I decided to jump on the Easter bandwagon this year.

Last year, Abby wasn’t even a year old so we didn’t bother. But this year she seemed ready to experience the strange pagan rituals of Easter.

We were planning to have her participate in an egg hunt hosted by a bedouin camp in Wadi Rum. We’d spent a night at the camp during the last few days of my mom’s visit and we thought it would be the perfect way to introduce Abby to the strange and wonderful ritual that is egg hunting. But the morning of the egg hunt the manager at the camp told us they were expecting over 300 people for the hunt and they’d hired a DJ. Uh…no. We hightailed it back to Aqaba. The good news was that Abby didn’t know what she was missing so it was no big deal.

Instead, I home-brewed some vegetable-based dyes (no Paas coloring tablets in Aqaba), boiled a half-dozen eggs, and Abby colored her first Easter eggs. She loved it!

And I had a blast watching her plunk eggs into the jars of colorful liquid. But she wouldn’t leave the eggs alone long enough to let the colors set, so this is what the first batch looked like:

Didn’t matter. She had fun and that was all I cared about. I actually think her favorite part was ripping each egg apart, crushing the shells and mashing the egg yolks into a paste.

Toddler Godzilla!

After our day of coloring and smashing eggs, I decided I wanted to try the vegetable-based dyes again. I had used a variety of ingredients for the first batch. I just experimented with various fruit and vegetables. Here’s what I tried:

Yellow: Ground turmeric
Orange/Brown: Green tea
Pink/Red: Hibiscus tea
Violet: Black currant juice
Pink/Magenta: Pomegranate juice

I also had a small bottle of artificial green food coloring so I used that to make a bright green dye. It was Ba-right. It was also very artificial looking next to the natural dyes.

The first batch of eggs came out so pale because, like I said, they only soaked for a few minutes. I was curious to see what they would look like if they soaked a little longer. Also, I wanted to try some other vegetables like purple cabbage and beets.

My inner Martha Stewart was unleashed.


After Abby went to bed that evening, I did what any tired mother of a toddler would do:

I stayed up late experimenting with egg dyes.

First, I put a head of chopped purple cabbage in a pot with 2 quarts water, 1 tablespoon white vinegar, and 1 tablespoon salt and brought the mixture to a boil. Then, I let it simmer for 30 minutes. Then, I strained the cabbage and reserved the dark purple liquid.

Here’s a picture:

Then, I did the same with two large beets (chopped and peeled) for pink/red dye. And then I tried 6 tablespoons of ground turmeric for yellow dye. Each mixture contained (aside from the aforementioned vegetable or spice) 2 quarts (or 4 cups) of water, 1 tablespoon white vinegar, and 1 tablespoon salt. I brought the beet and turmeric mixtures to a boil and simmered for 30 minutes, just like I did with the cabbage.

Here are more pictures in case you care:

I let the dyes chill in the fridge overnight, along with a fresh batch of hard boiled eggs.

I was a bit too proud of these beauties. They are beautiful though, aren’t they?

Then, I fell asleep with my clothes on.

The following morning, Abby tested the new dyes. But this time, as soon as she dropped the eggs into the bright liquid, I whisked the jars away from her curious little hands and into  the safety of the kitchen. Martha Stewart was in full effect. Abby was okay with it. I told her the eggs needed to take a nap.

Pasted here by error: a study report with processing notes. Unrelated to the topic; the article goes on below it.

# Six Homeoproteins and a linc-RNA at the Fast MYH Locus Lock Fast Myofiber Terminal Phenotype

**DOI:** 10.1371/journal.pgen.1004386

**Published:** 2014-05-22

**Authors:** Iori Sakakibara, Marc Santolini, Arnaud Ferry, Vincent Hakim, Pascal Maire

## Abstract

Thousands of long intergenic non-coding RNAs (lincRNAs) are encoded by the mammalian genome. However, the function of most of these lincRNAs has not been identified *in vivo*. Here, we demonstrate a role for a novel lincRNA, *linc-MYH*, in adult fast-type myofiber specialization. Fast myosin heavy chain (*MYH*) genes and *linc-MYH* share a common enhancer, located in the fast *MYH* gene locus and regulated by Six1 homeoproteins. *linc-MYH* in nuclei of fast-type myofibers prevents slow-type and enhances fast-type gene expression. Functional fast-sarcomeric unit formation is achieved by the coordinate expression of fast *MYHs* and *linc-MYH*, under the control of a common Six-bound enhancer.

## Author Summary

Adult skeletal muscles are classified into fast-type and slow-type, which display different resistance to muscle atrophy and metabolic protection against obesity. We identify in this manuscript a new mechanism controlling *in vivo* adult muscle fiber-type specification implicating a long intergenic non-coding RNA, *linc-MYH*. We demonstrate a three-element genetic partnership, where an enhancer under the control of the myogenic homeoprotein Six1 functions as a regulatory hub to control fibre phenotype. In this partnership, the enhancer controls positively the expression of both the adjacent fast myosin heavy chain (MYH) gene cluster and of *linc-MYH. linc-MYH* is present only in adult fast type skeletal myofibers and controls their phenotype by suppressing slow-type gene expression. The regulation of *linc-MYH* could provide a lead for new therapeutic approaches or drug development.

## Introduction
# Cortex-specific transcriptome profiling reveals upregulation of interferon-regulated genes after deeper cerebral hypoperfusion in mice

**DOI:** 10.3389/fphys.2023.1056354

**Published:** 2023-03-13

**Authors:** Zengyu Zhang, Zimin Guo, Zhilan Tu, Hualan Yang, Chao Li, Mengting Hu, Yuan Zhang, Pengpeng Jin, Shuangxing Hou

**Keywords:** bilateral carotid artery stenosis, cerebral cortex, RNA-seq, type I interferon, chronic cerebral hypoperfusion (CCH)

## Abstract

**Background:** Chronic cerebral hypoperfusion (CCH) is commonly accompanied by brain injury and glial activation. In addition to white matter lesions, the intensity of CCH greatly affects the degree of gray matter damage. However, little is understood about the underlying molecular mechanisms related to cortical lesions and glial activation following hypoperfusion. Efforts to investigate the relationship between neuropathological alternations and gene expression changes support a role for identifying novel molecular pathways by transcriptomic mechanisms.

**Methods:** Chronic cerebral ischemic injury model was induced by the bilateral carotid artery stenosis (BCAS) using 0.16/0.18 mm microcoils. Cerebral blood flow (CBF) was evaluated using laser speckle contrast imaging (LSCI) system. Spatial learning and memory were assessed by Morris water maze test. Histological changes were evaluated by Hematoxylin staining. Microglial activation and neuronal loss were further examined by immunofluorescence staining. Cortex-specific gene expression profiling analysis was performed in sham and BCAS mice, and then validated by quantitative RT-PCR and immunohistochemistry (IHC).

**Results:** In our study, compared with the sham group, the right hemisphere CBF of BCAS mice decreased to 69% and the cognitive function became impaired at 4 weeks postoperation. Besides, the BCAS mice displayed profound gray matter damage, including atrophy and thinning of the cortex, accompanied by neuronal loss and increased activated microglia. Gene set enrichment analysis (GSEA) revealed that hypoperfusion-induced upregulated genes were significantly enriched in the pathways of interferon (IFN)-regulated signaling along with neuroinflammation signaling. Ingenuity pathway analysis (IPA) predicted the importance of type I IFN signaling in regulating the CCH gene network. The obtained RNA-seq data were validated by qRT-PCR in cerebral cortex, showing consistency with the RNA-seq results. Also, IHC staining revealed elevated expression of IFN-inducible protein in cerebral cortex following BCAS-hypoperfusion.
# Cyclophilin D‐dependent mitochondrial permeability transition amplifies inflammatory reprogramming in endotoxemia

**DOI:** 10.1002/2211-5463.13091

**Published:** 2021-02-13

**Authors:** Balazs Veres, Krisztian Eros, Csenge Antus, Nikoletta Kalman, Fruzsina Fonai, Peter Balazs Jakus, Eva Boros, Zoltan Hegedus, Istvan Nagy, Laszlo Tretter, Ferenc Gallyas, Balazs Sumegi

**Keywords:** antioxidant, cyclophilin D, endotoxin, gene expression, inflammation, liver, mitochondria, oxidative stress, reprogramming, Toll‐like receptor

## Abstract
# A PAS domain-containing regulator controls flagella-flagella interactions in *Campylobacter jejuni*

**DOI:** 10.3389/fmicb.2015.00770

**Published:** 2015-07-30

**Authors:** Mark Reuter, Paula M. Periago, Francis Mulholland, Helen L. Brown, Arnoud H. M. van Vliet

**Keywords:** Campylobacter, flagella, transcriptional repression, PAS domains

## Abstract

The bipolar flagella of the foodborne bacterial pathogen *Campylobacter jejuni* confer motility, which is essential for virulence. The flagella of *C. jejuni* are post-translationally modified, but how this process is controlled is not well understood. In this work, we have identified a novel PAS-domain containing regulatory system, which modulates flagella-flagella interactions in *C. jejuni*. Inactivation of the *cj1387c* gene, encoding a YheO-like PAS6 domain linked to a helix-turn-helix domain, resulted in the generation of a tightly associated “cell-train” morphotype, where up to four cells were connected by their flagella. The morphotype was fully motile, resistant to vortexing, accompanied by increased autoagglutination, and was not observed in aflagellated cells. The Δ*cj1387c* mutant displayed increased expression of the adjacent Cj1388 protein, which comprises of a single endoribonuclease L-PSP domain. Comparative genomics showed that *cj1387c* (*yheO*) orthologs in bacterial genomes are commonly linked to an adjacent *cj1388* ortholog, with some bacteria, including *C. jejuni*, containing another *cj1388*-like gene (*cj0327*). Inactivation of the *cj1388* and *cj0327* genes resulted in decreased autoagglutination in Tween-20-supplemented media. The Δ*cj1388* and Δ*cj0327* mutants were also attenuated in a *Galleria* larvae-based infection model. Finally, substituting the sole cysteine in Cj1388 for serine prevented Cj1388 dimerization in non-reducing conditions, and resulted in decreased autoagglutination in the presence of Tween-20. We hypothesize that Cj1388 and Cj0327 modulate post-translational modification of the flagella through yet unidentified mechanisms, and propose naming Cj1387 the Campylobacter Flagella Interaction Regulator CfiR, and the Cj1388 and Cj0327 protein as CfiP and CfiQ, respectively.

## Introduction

Two hours later, this is what we got:

The blue eggs were from the purple cabbage juice, the yellow from the turmeric, and the green one was the artificial food coloring again. I’ve heard kale or spinach both work well for green, but I didn’t have either of those on hand. Something to try next year.

Unfortunately, the beet liquid turned the eggs (not pictured) a shade Bret described as “real estate white.” They just looked beige to me. Beige and disappointing. Bummer. I think next time, I’ll leave the skins on? Any advice on that, readers?

And because I’m unable to leave well enough alone, that evening I brewed a few cups of hibiscus tea mixed with white vinegar and salt and dropped the “real estate white” eggs into that mixture. I was hoping the deep red hibiscus tea would turn the eggs pink. Or at least a pale shade of coral. Something spring-y.

And then I got distracted by various things online, the state of my old pedicure, and then passed out in my clothes again. What is wrong with me?

The next morning, I hobbled out to the kitchen and found a glass jar of putrid purple liquid with two very soggy tea bags floating in it. Oops! I had forgotten to remove those goddam hibiscus tea bags! My heart actually jumped a little. Did the eggs turn pink?! After 8 hours, they MUST have, right?

No. They turned black.

The charcoal grey/black one in the front is the hibiscus experiment. It also has a few scratches on it from the metal tongs I used to try and extract it from the jar. Wide-mouth jars are always advisable when dyeing Easter eggs.

Kinda Nightmare Before Easter. And kinda sad that this whole thing became my life’s work for a few days.

I’m planning to hold off on any further dyeing projects until next Easter. I hear onion skins are a good choice as they can make cool swirly patterns on the eggs. We’ll see if I have the patience next year to sit there and remove a bunch of smelly onion skins.

I guess this is what happens when one has children. One starts investing a lot of time and energy into the art of dyeing boiled eggs. It could be worse. I could be dressing up in a plush bunny costume.